I thought it would be a good idea to describe my technical background a little, in case it helps answer questions about why I'm keeping this blog, and why I keep pointing out these little problems in Windows. In short, I'm not complaining about the broken behavior of Windows because I lack any kind of technical knowledge.
Here's my story.
Like many Linux users, I first "discovered" Linux when I was a student at university, in 1993. Linux was a bit pokey and unstable then, but great for doing certain lab analysis. However, I wasn't an exclusive Linux user yet. I still ran DOS/Windows for certain things, and maintained a Windows system for gaming until sometime in 1998 - replaced by a PlayStation. I've been 100% Linux at home ever since.
My first job (1995) was working as a UNIX systems administrator. Since we were a small company, I also doubled as the PC support tech for the office, often rebuilding broken PCs and troubleshooting DOS/Windows. We had a Novell LAN, so I was a part-time Novell administrator too. I put a few Linux servers on the network to support remote access, but it wasn't a very big deal.
A few years later, I moved on to another small company. Again, I was primarily a UNIX systems administrator, but also did all the Windows support on desktops (W/NT) and laptops (W/95). It was around this time that my employer sent me through A+. Even though most of the UNIX servers ran on IBM or HP, I installed a few "edge" Linux servers, such as an NIS master to help manage the UNIX environment.
In 1998, I joined my current employer. While my role was now "IT Manager", the reality was that I often acted as a backup UNIX/Linux systems administrator. The organization used a distributed desktop support model back then, and I became the go-to PC support guy for our group. My claim to fame: in 1999, I made a compelling case convincing senior management to adopt Linux in the enterprise, running Red Hat Linux. Before that, we only used IBM and Sun UNIX systems to run the major business applications.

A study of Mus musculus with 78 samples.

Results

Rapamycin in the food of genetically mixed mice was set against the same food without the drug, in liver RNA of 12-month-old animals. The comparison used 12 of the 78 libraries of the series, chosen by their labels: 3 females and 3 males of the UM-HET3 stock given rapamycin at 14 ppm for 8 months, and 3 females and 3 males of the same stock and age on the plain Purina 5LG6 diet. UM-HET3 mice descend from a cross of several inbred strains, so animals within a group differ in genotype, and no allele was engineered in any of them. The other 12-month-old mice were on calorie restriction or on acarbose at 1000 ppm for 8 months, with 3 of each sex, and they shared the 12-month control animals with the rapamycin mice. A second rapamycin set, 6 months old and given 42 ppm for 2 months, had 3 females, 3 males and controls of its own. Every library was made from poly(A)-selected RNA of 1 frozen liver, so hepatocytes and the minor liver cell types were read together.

Because we ran so many Linux systems, my employer put the team through RHCE. I passed with high scores on my first attempt (RHCE exams are tough.) I re-upped my certification a few years ago.
Having convinced management that Linux could support enterprise servers, I've been fortunate enough to be able to run Linux on my desktop at work since about 2002. My bosses knew about this, and supported it. The important thing was that Linux let me do everything I needed as a manager, and it was an environment I enjoyed.
But a few years ago, we got a new boss who didn't see things exactly that way. So I've moved back to Windows, at least for work. End of story.
The difference between Windows and Linux has been shocking, to say the least. Since I find it interesting when long-time Windows users experiment with Linux for the first time, I thought it might be equally interesting for this long-time Linux user to blog about my first experience running Windows in over 6 or 7 years. When I blog about something being "broken" in Windows, or something in Windows that is confusing, it's because that feature really is broken or confusing in Windows. At least, compared to Linux.
Every few months, you'll see a staff writer for some tech magazine claim he's going to try Linux exclusively for a month or so. When the "experiment" is over, the writer usually has lots to say about how this or that thing doesn't work "right" in Linux, because it doesn't work just like Windows does. If tech writers can do this with Windows-Linux, I think it's fair to do the same with Linux-Windows. I'll post a new blog item about once a week.